The iguana, nicknamed Stumpy, was so badly burned that its tail had to be amputated and the majority of skin on one of its hind legs was removed, according to zoo employees.
Stumpy is just the latest casualty in a series of incidents that have left zoo animals dead or severely injured. The iguana's injury comes two months after Tinkerbell, an 8-year-old female porcupine, died of starvation after caretakers took away her food as punishment for not performing well in public shows ("Quilled," John W. Allman, March 14).
Now, concerned former and current zoo employees are beginning to speak out about a growing number of animal injuries. Those who have called New Times have requested anonymity for fear of losing their jobs; they say zoo officials are angry that information about the poor care is leaking out.
Phoenix Zoo officials declined to comment for this story. Members of the zoo's board also declined comment. Elaine Morrison, president of the Arizona Zoological Society, hung up when contacted by New Times.
Besides the iguana, the workers say that in early February, a pregnant anaconda died following a dispute over medical care. The large snake was captured in South America and received by the zoo to be put on exhibit. Zoo officials allegedly did not know the snake was pregnant. The anaconda fell ill shortly after arriving and died before giving birth.
The death of Tinkerbell, the porcupine, was summarized in internal zoo documents received by the newspaper in late February. Feeding schedules for the porcupine detailed specific dates when Tinkerbell's food was removed because of poor performance. The porcupine died January 11.
The Maricopa County Sheriff's Office investigated the incident in February after receiving an anonymous tip. Dr. Curtis Eng, the zoo's chief veterinarian, told an investigator that Tinkerbell starved herself to death after becoming "despondent" about being put on a diet. The sheriff's office closed its investigation, based on the zoo's explanation.
News of Tinkerbell's death has sparked outrage, however. Both the zoo and the newspaper have been flooded with letters and phone calls protesting the animal's treatment.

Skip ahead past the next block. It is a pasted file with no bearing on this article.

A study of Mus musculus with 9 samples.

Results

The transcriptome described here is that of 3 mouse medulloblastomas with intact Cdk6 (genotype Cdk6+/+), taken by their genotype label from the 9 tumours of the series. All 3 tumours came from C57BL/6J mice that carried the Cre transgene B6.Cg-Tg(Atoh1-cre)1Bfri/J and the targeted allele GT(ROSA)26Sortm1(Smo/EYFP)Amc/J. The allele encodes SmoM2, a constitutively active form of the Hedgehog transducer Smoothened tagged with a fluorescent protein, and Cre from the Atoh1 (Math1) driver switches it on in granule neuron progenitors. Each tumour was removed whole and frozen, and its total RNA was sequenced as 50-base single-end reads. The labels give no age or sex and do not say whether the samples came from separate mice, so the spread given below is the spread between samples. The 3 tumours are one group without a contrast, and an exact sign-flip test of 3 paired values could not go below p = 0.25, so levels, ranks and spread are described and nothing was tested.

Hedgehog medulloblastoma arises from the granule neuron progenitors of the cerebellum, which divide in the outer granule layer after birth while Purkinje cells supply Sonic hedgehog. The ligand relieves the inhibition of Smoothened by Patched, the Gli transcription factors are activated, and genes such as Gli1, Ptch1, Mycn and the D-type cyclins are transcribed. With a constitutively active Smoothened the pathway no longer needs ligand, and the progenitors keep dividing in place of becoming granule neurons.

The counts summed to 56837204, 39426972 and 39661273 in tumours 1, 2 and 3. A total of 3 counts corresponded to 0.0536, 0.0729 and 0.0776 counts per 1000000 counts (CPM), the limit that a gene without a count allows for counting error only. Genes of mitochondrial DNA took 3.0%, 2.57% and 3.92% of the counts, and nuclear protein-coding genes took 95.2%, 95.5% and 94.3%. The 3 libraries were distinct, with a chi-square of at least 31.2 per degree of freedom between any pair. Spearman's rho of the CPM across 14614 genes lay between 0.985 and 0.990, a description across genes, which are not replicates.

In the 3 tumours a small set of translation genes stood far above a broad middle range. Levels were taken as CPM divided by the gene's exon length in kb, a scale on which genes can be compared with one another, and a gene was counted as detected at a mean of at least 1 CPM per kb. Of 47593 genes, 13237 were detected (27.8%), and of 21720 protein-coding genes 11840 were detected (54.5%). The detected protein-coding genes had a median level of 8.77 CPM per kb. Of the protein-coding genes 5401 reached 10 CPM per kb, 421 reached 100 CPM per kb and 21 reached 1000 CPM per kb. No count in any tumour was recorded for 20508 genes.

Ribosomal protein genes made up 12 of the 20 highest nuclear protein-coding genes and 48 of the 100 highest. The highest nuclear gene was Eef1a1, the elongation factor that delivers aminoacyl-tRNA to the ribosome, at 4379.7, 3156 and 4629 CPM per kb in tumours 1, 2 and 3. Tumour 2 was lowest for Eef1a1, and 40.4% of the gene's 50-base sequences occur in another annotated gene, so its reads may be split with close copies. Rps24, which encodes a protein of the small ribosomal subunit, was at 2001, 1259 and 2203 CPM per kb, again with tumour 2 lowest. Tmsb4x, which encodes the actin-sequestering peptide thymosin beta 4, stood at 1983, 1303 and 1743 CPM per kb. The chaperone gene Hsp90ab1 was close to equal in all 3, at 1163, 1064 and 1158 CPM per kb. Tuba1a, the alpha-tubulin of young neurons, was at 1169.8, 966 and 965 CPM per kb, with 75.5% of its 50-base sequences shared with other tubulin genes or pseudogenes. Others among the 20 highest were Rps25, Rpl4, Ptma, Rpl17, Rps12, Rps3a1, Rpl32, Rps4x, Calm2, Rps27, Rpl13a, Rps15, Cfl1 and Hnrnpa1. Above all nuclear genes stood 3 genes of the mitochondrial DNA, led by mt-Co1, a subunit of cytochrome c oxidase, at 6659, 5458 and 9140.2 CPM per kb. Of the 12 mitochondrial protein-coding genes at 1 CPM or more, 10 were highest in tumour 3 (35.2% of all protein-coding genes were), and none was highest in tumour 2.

A group of concerned Valley citizens and animal activists plans to protest on Saturday, March 30, outside the zoo. A candlelight vigil will be held at 5 p.m. on public property near the zoo, which is in Phoenix's Papago Park.
"We just want to honor Tinkerbell, her life and her untimely death," says Darcee Espelien of Phoenix, one of the vigil organizers.
To date, the zoo has offered little comment outside of internal e-mails to staff which show zoo officials are more concerned about blocking leaks to the media or law enforcement agencies. Administrators have gone so far as to make employees sign documents agreeing not to reveal zoo business, employees say.
The internal memos to staff have also offered differing accounts of what happened to Tinkerbell.
On March 13, a day before New Times wrote about Tinkerbell, zoo director Jeff Williamson sent an e-mail alerting employees to the story. The message chastised employees for leaking internal zoo documents to the paper, and suggested that the zoo was not to blame for Tinkerbell's death.
"In presenting animals in a city to urban audiences we manage their behaviors using positive reinforcement. Food is one way of rewarding an animal for positive behaviors," Williamson wrote. "Recently a porcupine used in demonstrations for children developed an eating disorder, it became malnourished and died."
But a second e-mail, sent out by Williamson last week after the story appeared, offered a different explanation. He acknowledged an internal review had found Tinkerbell's handlers, as well as other zoo staff, to be negligent. Williamson's e-mail, however, also criticized the fact that the internal review had been released anonymously to the newspaper.
"It is unfortunate that certain individuals use the news media to air our grievances. Nevertheless, we made some mistakes and it is legitimate to call us to question," Williamson wrote.
"In time, each creature in our care inevitably will die. We hope that means after a long life under appropriate conditions. Most of our animals experience such lives. Some do not, in spite of our best efforts. Particularly painful are those rare instances, such as Tinkerbell's, when we do not perform our best."
Williamson assured staff and volunteers that the zoo has changed its animal-handling and care protocols to prevent another such incident. However, he did not cite specific changes that are being made.
No disciplinary action has been taken to date in any of the incidents.